Last Updated Oct 6, 2011 10:50 AM EDT
1. Style is Content
From the outset, Jobs and Apple believed in style: in fonts, in graphics, in industrial design and in marketing. It's easy to under-estimate how eccentric this was at the time - and how eccentric it remains today. While most organizations believe that style is the exclusive purview of marketing, few achieve it even there. Most hardware and software remains remarkably clunky, ugly or simply derivative. (The Kindle is hideous; the Fire a pale imitation.) When I first started working in technology 15 years ago, style was dismissed as frivolous and that's the status it still holds in most companies today. Anyone who imagines that Apple's success derives entirely from what's inside the box (and there are more than a few) has missed a very obvious point.
Conventional wisdom divides thinking into the left brain and the right brain. The left is all systematic, rational, linear while the right is more emotional and creative. What Jobs demonstrated was that success lies not in emphasizing one over the other but in bringing them together. The physical representation of this was clear when he took over Pixar. The new campus planned 3 separate buildings: for creatives, for producers and for business people. He insisted that they be brought under one roof, with toilets at the center - because that's where everyone meets and talks.
2. Patience Beats Speed
For all that Apple is known for fast product development, the truth is that Jobs was very good at waiting. After his return to Apple in 1997, when the company teetered on the brink of bankruptcy, he did what any smart CEO would do: slashed product lines (15 desktop models to 1) cut software and hardware engineers, eliminated peripherals, reduced inventory and retailers and moved most manufacturing offshore. There is nothing brilliant about this; it's textbook stuff. But asked in 1998, by Richard Rummelt, what he was going to do next, in order to move Apple beyond its fragile niche position, Jobs had a gutsy answer: "I am going to wait for the next big thing."
Wait? In a technology business? That took courage. Of course, once he'd figured out what the next big thing was, Jobs was methodical and patient - again - in putting in place everything he'd need to take advantage of the seismic shift in the environment when the U.S. market moved to broadband.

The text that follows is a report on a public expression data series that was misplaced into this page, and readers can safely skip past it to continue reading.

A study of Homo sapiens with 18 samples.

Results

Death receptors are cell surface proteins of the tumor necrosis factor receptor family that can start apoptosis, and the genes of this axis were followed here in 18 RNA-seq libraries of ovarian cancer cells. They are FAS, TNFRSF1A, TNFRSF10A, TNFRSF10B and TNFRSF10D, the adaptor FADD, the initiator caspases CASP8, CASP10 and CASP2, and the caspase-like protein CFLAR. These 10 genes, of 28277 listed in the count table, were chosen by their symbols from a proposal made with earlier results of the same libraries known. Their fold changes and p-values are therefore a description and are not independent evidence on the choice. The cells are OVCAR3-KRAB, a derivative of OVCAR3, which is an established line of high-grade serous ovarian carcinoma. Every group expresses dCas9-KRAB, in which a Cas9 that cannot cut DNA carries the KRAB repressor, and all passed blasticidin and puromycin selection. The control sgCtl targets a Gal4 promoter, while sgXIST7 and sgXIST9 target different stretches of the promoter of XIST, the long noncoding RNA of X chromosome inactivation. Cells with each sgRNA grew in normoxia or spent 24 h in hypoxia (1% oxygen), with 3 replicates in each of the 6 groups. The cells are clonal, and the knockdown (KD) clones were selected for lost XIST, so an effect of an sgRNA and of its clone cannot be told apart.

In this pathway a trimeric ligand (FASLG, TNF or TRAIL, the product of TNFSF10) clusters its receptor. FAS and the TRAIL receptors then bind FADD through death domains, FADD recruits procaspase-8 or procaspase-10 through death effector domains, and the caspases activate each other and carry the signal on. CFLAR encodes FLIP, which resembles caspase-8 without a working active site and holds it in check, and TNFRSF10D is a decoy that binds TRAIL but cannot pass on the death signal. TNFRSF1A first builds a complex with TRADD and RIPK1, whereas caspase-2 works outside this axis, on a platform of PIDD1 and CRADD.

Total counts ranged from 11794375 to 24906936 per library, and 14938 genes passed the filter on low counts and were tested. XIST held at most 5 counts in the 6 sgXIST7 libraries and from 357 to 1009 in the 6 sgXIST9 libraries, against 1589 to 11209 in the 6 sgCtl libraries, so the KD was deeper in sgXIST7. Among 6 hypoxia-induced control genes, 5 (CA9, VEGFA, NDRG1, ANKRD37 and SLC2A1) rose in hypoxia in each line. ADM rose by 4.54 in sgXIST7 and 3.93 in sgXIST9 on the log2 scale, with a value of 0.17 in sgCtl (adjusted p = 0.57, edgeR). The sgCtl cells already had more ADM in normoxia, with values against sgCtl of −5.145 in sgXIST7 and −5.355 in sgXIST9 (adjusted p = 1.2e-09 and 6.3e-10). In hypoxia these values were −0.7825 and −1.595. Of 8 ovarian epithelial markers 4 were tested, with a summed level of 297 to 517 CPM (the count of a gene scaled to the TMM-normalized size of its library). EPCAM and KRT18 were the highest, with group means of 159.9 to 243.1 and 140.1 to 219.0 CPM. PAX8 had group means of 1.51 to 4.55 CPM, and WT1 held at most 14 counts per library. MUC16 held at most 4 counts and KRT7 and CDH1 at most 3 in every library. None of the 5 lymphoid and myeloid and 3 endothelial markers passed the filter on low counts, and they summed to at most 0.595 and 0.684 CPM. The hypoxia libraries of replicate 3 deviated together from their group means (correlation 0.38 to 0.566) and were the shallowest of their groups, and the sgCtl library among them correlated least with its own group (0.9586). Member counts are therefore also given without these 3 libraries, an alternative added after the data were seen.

It's also worth remembering that, during the three years he did this, he was remorselessly hammered by industry analysts not one of whom understood what he was up to.
3. Drama Trumps Romance
Jobs's product launches were famed for their drama. But one thing they didn't offer was romance. The products did what they said they'd do. Marketing commentary around them didn't promise fantasies, illusions or daydreams. Apple promoted its products but didn't hype them. This may seem a lackluster quality but it built trust. Apple said its products were easy to use not because (like many of its competitors) it hoped that was true, or because it was true for the PhD engineers who'd invented them, but because it was true. It seems peculiar to celebrate a company for truth in advertising but that's one reason why Apple customers, once smitten, stayed loyal.
4. Nothing Beats a Good Mistake
Jobs's career isn't without its mis-steps. Losing control of Apple was the biggest and most obvious but there were plenty of minor slip ups along the way. The suicides at the Foxconn plant that manufactures iPhones was just one of these. But Jobs didn't try to deny that they had taken place or that they mattered. He was swift to point out that Apple's scrutiny of its suppliers was more rigorous than most - but he still moved quickly to understand what was going on and try to find remedies.
Every company makes mistakes. But, treated right, they can be treasure troves of learning. Moreover, people loved Jobs not because he didn't make mistakes - but because he learned from them.
5. Technology Isn't All About Youth
In the age of fast companies, built not to last, Apple offered ample proof that you can be innovative and cool after the age of 25. Experience, know how and skills counted for something. While the products were cool, they weren't all built by pre-adolescents oblivious to the constraints and needs of normal human beings. That Jobs continued to be as innovative in his 50s as he had been in his 20s is something most companies should take time to consider at length.
6. Business Doesn't Have to Be Bad
Earlier this week I was teaching a class of new MBA students. A strikingly international group, they came from Thailand, India, Korea, Colombia, Russia, Canada, Taiwan, China and the U.S. I asked them who their heroes were. As usual, the list included their parents, various heads of state and Nelson Mandela. But topping the list - regardless of age or nationality - was Steve Jobs. More than anyone else alive, he was the person who inspired their love of business and their desire to try their hands at it.
In an age when the streets are full of anger and violence at the havoc wreaked by one part of the business world, that there is such an inspirational figure as Jobs is important. We need smart men and women, young and old, to have high ambitions for the world of work, someone who believed passionately and articulated brilliantly how much good business can achieve. Now that Jobs is gone, who can fail to be concerned that no one else adequately represents his rich synthesis of intellect, imagination and passion?
The lessons we could learn from Steve Jobs aren't all that remarkable. Many of them contain wisdom that we already know -- we just don't apply it. Why not? Is it that we lack courage? Or is it that we find it hard to believe that tenets so simple can prove so effective? Surely that's the moral of the Apple story: there is genius in simplicity. But simple is hard.